Facing Life and Death

Joop Valstar by Erwin Olaf
Joop Valstar by Erwin Olaf

A dying man asked photographer Erwin Olaf to make a farewell portrait. He died a couple of hours after this final picture was taken, photographed at home as he was already too ill to come to the studio.

What strikes me is the powerful presence and the unflinching peace that is emanating from the face, shining brightly through the frail body that is about to give way. The artist managed to capture both the impermanent and the transcendental.

 

10 Replies to “Facing Life and Death”

  1. What strikes me most about this photograph are the eyes. That ‘powerful presence’ is seen most strongly there, I think. Then there are the hands! I love the rings – they speak of his life – and the powerful, yet gentle, grip that he has on the cane, which is supporting him. The body itself is old and tells both a unique and universal story. There is Truth here. As you say, both impermanent and transcendental. Thank you so much for posting this, Anna.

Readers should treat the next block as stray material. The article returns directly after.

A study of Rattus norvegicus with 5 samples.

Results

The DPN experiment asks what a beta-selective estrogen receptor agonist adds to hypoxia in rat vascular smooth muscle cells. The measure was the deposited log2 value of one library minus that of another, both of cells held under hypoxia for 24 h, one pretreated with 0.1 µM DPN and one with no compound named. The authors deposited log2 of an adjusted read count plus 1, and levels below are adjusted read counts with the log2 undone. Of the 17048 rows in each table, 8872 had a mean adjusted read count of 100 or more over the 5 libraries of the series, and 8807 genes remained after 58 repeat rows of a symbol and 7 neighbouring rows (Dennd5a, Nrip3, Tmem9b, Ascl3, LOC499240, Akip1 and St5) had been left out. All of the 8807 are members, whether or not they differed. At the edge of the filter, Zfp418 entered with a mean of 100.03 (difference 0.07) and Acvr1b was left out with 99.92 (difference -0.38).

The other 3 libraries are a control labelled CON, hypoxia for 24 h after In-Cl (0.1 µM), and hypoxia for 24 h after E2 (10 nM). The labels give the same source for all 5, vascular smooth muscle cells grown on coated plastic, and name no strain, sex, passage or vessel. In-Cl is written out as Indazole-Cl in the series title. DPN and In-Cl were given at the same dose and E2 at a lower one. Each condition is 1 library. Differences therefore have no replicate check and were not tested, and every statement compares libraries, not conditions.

1. Yes, the eyes are very powerful, I think because they reflect full acceptance without fear or resignation, a power that can withstand, that can endure, that is immovable, and yet is gentle and soft. Indeed the hands are a full story on their, of richness, of abundance, of an unique life lived to the full.
    1. Hi Mo, yes, the gentleman in the picture, Joop Valstar, was a psychotherapist trained in unitive body psychotherapy, he knew he was dying and this portrait is a legacy of sorts.
      He died in 2018, a quote from the obituary by one of his colleagues said:
      “In a world which is increasingly superficial and directed to appearances and the outside world Joop was a man of character and depth. Not to say that he didn’t care for his personal appearance – on the contrary, he did. He dressed with flair. Perhaps the first thing you noticed about him was his beautiful coat or hand-crafted shoes; then his tall stature, greying hair and marked face, which could crease with a grin and warmth, or with great seriousness.

      Joop listened. He chewed over what you said – perhaps for some minutes, some hours or sometimes days. Then would come a comment or an answer to a question or a problem, which he had considered from many different angles. He was never satisfied with a simple answer – his solutions were rounded, thought out, compassionate, surprising, meaningful.”

      It is the talent of Erwin Olaf as an artist who manage to capture in a single image the essence, the being of the man in front of his camera.